Biliopancreatic Diversion With Duodenal Switch

Book
In: StatPearls [Internet]. Treasure Island (FL): StatPearls Publishing; 2024 Jan.

Surgical management for the treatment of obesity was an idea that arose from clinical observations of weight loss seen in patients after undergoing resections of either their stomach or small bowel. One of the initial weight loss procedures developed in 1954 was called the jejunoileal bypass. This procedure was abandoned due to its terrible side effect profile. These negative side effects resulted in conveyed weight loss procedures in an unpopular light.

A few pivotal changes in the public's perception of bariatric surgery have included:

  1. The National Institutes of Health consensus conference in 1992 endorsing vertical gastric banding as a safe and effective means for weight loss surgery

  2. A paper published in 1995 showing the positive long-term effects of bariatric surgery on the management of diabetes mellitus

  3. Improved bariatric equipment, which decreased postoperative complications.

In 1994, the first laparoscopic gastric bypass surgery was performed. As the learning curve leveled for laparoscopy, laparoscopic procedures surpassed open surgery in positive measurable outcomes; decreased wound complications, incisional hernias rates, length of stay, and decreased overall mortality.

Bariatric surgery is an effective modality that can maintain weight loss and decrease obesity-associated comorbid conditions. Obesity is related to the development of comorbidities such as type 2 diabetes, heart disease, hypertension, sleep apnea, and different orthopedic disabilities. Common bariatric surgical procedures that are completed today are the sleeve gastrectomy, Roux en-Y gastric bypass, and the biliopancreatic diversion with duodenal switch. The Biliopancreatic diversion was first described by Scorpinaro in 1979. This procedure combined a horizontal gastric resection with the closure of a duodenal stump, gastroileal anastomosis, and an ileoileal anastomosis, to create a 50-cm common channel and a 250-cm alimentary channel.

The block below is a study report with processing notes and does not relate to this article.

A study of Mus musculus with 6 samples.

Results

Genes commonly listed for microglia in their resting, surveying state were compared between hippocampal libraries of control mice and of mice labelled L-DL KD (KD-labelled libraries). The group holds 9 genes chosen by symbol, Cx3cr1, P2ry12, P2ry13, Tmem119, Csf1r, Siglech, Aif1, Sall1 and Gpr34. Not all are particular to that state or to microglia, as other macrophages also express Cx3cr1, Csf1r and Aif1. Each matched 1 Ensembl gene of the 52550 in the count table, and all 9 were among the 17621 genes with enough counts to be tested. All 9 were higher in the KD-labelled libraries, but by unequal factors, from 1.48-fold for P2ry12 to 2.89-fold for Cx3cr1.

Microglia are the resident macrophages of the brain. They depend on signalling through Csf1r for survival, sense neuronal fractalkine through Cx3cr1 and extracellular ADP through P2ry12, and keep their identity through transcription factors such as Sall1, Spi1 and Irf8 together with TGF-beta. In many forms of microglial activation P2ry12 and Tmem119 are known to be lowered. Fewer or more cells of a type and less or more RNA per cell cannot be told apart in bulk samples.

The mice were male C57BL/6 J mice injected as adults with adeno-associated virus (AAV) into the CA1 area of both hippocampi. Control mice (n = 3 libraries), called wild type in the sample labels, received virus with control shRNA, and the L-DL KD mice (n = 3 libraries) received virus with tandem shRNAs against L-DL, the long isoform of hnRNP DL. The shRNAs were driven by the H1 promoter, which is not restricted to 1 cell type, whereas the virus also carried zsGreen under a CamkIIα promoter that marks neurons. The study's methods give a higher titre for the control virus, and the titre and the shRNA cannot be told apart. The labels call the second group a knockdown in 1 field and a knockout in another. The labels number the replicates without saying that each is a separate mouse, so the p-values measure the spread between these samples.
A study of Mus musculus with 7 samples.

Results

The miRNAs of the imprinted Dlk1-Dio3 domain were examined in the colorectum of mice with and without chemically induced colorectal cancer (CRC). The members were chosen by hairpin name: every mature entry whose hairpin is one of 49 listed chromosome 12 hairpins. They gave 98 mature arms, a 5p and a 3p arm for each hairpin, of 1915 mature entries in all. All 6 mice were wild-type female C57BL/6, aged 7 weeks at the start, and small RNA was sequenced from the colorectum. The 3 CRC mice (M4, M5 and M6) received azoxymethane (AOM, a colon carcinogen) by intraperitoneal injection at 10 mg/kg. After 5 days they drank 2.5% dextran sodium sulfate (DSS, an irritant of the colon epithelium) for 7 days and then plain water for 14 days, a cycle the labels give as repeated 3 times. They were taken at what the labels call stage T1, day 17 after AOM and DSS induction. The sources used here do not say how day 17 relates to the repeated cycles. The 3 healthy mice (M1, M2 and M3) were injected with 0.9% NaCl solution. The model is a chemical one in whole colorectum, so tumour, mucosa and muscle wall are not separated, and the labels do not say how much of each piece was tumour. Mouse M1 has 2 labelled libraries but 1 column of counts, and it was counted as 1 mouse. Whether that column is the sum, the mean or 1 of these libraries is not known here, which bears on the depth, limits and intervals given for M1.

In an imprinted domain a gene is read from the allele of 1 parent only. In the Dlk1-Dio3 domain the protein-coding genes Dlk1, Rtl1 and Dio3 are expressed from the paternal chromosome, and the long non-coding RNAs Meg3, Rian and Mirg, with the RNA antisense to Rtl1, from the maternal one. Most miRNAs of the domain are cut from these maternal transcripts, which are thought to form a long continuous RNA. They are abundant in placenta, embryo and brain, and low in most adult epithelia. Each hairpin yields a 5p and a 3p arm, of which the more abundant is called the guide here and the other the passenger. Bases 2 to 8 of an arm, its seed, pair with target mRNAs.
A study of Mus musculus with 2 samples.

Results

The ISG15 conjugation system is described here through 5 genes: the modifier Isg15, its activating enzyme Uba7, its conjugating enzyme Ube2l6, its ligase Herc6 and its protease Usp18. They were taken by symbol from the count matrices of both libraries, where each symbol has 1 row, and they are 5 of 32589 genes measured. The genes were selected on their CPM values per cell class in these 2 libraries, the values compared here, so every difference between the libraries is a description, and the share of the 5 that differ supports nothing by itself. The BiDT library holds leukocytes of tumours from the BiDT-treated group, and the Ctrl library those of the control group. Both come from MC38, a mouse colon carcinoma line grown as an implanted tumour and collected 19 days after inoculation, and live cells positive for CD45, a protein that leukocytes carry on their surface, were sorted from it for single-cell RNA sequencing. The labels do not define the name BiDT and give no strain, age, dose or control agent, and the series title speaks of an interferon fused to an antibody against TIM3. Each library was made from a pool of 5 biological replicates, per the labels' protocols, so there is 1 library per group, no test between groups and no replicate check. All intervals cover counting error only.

Patients who underwent this procedure suffered from bile gastritis, so it was modified to the duodenal switch procedure by DeMeester in 1987. The duodenal switch evolved into the modern-day biliopancreatic diversion with the duodenal switch procedure, which includes a sleeve gastrectomy, the transection of the duodenum distal to the pylorus, and the creation of an alimentary limb 200- to 250-cm long.